Dear Chairman HEC,
Many thanks for your prompt and understanding response on this important subject of state organisations spending tax-payers’ money on celebrating each other’s anniversaries. I am sure that any conscientious person will agree on the blatantly unethical and unlawful nature of this act.
While we both agree that such expenditure should not be incurred, I do not seem to agree when you say that it may be too much to ask the VCs to publicly apologise or to reimburse the amount to state exchequer from their own pocket. I see no reason why any person, should not be able to say even “sorry” after having misused public funds. In a civilised country these VCs would be proceeded against in a court of law for financial irregularities.
If you were to give them clear instructions to follow one of the two options (public apology or personal reimbursement), or to voluntarily opt out from the job, you would have the matter resolved in a few hours (not even days). In doing so, you would be setting up a very high tradition of ethical behaviour and respect for public money. You have already demonstrated that you are capable of taking such a stand when you ordered your name to be removed from the buildings that had been named after you.
I am sending a copy of this letter to many of those VCs who participated in this birthday bash, with a hope that some of them will have the moral courage to rise to the occasion without even waiting for your letter. I hope that those who don’t, will promptly do so on receipt of your formal instructions. That would indeed be a proud day for Pakistan and all its citizens.
Dear Naeem Saheb
I agree with you that such expenditure should not be incurred—While a public apology from the VCs may be too much to ask ,I will try and ensure that if supplements are published in the future they should be largely through private sector donations rather than with university funds—also there is absolutely no need to have so many pages—1 or 2 pages can suffice
I will also make suitable remarks in my public speech on the issue
I will continue to benefit from your positive criticisms of our shortcomings
Kind regards, Atta
Happy birthday to you – at public expense.
I have no issues with birthdays. My next one is just around the bend. I thought it was a good idea to let go of my pretended ‘enlightened moderation’ and organise a grand public celebration. Some one mentioned that government has a special ‘poverty alleviation’ fund that is given to deserving down-trodden citizens so that they too could celebrate their birthdays like all rich people do. It is with these high hopes that I approached a number of Federal Government organisations with a request to sponsor ads for a two page supplement that I want to take out on this occasion. All the federal government departments that I approached (PWD, Port Qasim, KPT, NHA, and PNSC) refused to even accept my application. They said I had to be a British citizen and 52 years old to receive this special favour. I felt most helpless and discriminated. There is no quick way for one to become a British citizen, and there is no easy way to become 52 years old for the second time.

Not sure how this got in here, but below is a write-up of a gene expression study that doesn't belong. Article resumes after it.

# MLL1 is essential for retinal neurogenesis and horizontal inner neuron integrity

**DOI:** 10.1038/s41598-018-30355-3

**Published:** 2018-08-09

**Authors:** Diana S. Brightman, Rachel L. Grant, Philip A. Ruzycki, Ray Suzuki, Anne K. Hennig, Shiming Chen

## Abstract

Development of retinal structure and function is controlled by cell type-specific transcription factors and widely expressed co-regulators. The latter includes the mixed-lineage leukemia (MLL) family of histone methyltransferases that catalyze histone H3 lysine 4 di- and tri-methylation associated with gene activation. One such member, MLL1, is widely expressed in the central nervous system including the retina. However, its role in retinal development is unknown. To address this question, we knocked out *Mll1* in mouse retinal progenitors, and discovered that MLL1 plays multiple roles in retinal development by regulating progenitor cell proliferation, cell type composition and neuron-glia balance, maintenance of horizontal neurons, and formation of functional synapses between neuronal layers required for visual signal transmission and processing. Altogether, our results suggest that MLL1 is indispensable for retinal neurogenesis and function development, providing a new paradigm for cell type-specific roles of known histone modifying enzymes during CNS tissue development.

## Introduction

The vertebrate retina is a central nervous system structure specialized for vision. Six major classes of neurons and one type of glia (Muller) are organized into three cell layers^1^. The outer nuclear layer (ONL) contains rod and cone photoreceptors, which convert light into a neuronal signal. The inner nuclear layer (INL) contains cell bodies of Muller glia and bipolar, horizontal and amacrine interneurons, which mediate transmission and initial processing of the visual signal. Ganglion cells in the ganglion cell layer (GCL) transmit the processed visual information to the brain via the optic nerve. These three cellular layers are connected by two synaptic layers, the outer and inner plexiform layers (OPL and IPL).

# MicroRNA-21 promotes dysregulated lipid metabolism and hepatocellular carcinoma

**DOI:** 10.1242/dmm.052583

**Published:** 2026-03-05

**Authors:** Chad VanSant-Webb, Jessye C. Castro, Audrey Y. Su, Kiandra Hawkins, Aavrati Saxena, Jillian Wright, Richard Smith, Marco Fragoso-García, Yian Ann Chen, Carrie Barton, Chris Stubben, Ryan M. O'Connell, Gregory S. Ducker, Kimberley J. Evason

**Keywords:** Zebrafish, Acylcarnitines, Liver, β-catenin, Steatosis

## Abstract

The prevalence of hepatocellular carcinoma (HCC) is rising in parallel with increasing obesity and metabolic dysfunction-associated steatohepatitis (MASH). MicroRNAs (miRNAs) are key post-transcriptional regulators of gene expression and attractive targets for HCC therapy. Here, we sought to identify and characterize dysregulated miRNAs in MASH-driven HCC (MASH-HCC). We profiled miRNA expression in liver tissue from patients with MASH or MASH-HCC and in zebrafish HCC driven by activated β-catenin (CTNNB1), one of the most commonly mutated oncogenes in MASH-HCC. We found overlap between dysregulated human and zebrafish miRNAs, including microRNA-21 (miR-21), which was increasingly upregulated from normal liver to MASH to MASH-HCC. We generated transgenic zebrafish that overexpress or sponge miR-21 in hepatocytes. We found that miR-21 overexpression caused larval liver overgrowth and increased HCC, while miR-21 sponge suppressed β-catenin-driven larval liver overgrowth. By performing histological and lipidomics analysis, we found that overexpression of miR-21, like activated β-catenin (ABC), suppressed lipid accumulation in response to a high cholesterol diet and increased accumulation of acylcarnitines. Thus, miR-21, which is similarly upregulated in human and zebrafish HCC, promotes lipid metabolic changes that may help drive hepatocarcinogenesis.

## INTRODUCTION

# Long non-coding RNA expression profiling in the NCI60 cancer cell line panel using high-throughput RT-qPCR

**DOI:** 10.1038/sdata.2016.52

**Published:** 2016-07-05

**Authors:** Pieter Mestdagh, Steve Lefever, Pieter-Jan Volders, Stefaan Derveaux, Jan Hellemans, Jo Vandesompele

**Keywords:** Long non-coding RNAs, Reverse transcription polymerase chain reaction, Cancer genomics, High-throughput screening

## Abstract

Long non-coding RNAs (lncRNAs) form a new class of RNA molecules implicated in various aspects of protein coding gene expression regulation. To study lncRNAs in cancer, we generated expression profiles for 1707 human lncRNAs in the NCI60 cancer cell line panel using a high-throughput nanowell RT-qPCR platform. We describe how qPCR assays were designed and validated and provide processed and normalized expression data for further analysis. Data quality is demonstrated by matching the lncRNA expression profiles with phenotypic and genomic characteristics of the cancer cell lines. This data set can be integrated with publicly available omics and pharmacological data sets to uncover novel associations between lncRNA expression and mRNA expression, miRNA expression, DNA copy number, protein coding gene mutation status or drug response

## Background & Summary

Frustrated with this experience, I decided to register my silent protest by refraining from newspapers for a few days. However I could not resist the unusually heavy and colourful newspaper of this morning, that carried an extra 8 page supplement, to celebrate the third birthday of HEC. While the public sector universities appeared prominently because of their quarter page coloured advertisements, the HEC chairman was conspicuous by his photograph repeated at seven different places.
I always thought that the public sector universities suffered from an acute shortage of funds and ideas. Of course this is no longer true, at least as far as the funding is concerned. Loaded with the taxpayers money, they now have surplus funds and deficit conscience, amply demonstrated by their irrelevant and meaningless quarter page ads, costing in the tune of Rs.100,000 per ad. Let me describe just two of these master pieces. A quarter page coloured ad of Karachi university has two photographs ( VC of KU and the HEC Chairman), with the following words of wisdom sprawled in the middle –“partners in quality education”. The Shah Abdul Latif University takes the cake with another quarter page coloured ad, which besides the standard two photographs has a wishy-washy slogan “Making track of Success”, and signed off (as if it was a personal message of felicitation), by the Vice Chancellor.
Needless to say that every government organisation (and there are hundreds of them), will be older every year by at least one more year. This is not an achievement for which any thing in particular has to be done. It is therefore neither wise nor ethical to spend public money to celebrate these yearly organisational birthdays. Vice Chancellors represent the most respected and enlightened role models of our society. More than any one else one expects them to realise that to spend a hundred thousand rupees of public money in projecting themselves and their boss is simply unethical and unlawful. Judicious use of public money is the first responsibility of any government official. Will the HEC Chairman and the vice chancellors please stand up and publicly apologise for this conduct unbecoming.